Profits rose 4.2% year-on-year, the slowest rate since April 2020, to 734 billion yuan ($115.9 billion), compared with a 9% gain in November

Workers produce washing machine parts
Workers produce washing machine parts at a factory in Nanjing. The official PMI, which largely focuses on big and state-owned firms, and its sibling survey for the services sector, will be released on Saturday. File photo: AFP.


Profits at China’s industrial companies grew at a slower pace in December, official data released on Thursday show, as factory-gate inflation continued to ease, pointing to cooling demand amid mounting economic challenges.

Profits rose 4.2% year-on-year, the slowest rate since April 2020, to 734.2 billion yuan ($115.9 billion), compared with a 9% gain in November.

For 2021, industrial firms’ profits rose 34% year-on-year to 8.7 trillion yuan, the National Bureau of Statistics (NBS) said.

“In 2021, the profits of industrial enterprises achieved relatively fast growth, with corporate efficiency steadily improving,” Zhu Hong, a senior NBS statistician, said in a statement.

“We must acknowledge that growth rates dropped significantly in November and December and that downstream firms, especially small firms, still face relatively big operational pressures and the number of loss-making firms is still high,” Zhu said.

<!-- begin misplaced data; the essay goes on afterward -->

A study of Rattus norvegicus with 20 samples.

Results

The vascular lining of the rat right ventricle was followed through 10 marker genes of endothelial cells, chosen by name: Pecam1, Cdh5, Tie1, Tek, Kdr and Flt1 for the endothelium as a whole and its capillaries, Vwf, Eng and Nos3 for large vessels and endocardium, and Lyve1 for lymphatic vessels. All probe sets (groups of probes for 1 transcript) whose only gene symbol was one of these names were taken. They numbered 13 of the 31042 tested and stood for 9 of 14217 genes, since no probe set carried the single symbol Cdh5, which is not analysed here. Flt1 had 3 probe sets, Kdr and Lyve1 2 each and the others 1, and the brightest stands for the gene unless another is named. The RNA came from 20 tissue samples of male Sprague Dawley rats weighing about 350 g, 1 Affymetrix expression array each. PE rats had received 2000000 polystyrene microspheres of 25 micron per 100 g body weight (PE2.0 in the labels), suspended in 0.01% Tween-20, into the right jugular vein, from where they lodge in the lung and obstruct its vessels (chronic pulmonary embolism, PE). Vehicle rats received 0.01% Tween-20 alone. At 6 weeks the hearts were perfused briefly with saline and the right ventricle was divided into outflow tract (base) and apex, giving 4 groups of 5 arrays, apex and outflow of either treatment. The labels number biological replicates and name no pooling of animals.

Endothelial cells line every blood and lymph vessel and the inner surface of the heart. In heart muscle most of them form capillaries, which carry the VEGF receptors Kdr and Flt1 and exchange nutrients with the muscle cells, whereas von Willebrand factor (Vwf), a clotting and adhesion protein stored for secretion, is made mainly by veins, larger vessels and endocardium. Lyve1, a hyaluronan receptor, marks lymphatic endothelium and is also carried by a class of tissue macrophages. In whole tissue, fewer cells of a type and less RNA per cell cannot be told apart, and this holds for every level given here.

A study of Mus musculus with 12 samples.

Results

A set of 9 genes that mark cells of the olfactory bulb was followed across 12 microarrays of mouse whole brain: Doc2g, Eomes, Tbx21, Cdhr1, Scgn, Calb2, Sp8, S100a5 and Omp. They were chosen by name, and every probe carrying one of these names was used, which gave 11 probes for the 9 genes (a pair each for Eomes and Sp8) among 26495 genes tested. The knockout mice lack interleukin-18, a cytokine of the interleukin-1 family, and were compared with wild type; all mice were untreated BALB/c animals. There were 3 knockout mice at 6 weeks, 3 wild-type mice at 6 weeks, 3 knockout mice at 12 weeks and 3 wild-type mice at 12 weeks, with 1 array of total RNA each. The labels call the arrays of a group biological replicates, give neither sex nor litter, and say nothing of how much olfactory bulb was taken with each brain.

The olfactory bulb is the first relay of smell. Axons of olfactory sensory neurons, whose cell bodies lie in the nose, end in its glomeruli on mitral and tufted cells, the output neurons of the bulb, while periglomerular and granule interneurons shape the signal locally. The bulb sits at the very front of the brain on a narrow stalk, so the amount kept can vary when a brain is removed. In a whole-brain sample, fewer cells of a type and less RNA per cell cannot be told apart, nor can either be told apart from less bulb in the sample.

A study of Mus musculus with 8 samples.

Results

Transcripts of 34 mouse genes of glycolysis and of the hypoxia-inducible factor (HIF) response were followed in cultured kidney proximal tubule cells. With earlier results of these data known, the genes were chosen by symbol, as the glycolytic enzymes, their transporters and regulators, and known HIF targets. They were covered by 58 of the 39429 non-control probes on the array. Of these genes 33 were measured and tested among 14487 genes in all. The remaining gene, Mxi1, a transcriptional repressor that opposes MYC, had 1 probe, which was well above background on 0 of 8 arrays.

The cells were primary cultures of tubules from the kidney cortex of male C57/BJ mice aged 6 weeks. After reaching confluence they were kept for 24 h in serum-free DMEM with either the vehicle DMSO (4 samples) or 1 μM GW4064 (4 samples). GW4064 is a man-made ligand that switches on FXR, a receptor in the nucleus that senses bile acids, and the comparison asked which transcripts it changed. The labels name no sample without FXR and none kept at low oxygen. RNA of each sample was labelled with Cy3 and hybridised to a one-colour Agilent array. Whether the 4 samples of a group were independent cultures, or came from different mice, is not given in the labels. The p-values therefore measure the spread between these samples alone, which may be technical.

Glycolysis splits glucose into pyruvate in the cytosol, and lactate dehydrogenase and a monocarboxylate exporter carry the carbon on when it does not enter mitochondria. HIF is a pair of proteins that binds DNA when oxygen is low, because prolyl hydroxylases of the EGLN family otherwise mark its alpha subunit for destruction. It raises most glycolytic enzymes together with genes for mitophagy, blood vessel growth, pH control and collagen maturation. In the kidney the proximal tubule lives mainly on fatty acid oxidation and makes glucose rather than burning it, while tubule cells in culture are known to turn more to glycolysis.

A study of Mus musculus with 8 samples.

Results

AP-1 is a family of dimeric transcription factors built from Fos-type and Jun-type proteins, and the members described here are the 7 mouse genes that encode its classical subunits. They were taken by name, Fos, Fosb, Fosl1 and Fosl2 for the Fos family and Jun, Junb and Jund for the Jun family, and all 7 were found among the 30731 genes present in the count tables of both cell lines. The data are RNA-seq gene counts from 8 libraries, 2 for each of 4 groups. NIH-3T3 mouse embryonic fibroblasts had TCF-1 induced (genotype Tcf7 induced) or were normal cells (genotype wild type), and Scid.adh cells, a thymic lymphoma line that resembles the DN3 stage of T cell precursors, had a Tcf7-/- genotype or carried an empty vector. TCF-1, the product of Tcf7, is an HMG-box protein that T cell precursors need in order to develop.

China’s factory-gate inflation cooled for the second straight month in December, driven by a government crackdown on runaway commodity prices as Beijing scrambled to lessen the crippling economic effects of surging costs.

To stabilise a faltering economy, the People’s Bank of China has rolled out new monetary policies over the past few weeks.

It unexpectedly cut the borrowing costs of its medium-term loans for the first time since April 2020, and lowered the benchmark lending rates.

The world’s second-largest economy has been losing steam after staging a solid recovery from the pandemic and now faces multiple challenges heading into 2022.

Slowing exports, a major property sector downturn and strict Covid-19 curbs have hit consumer spending.

China’s economy grew 4% in the fourth quarter from a year earlier, marking its weakest expansion in 18 months.


  • Reuters, with additional editing by George Russell






George Russell is a freelance writer and editor based in Hong Kong who has lived in Asia since 1996. His work has been published in the Financial Times, The Wall Street Journal, Bloomberg, New York Post, Variety, Forbes and the South China Morning Post.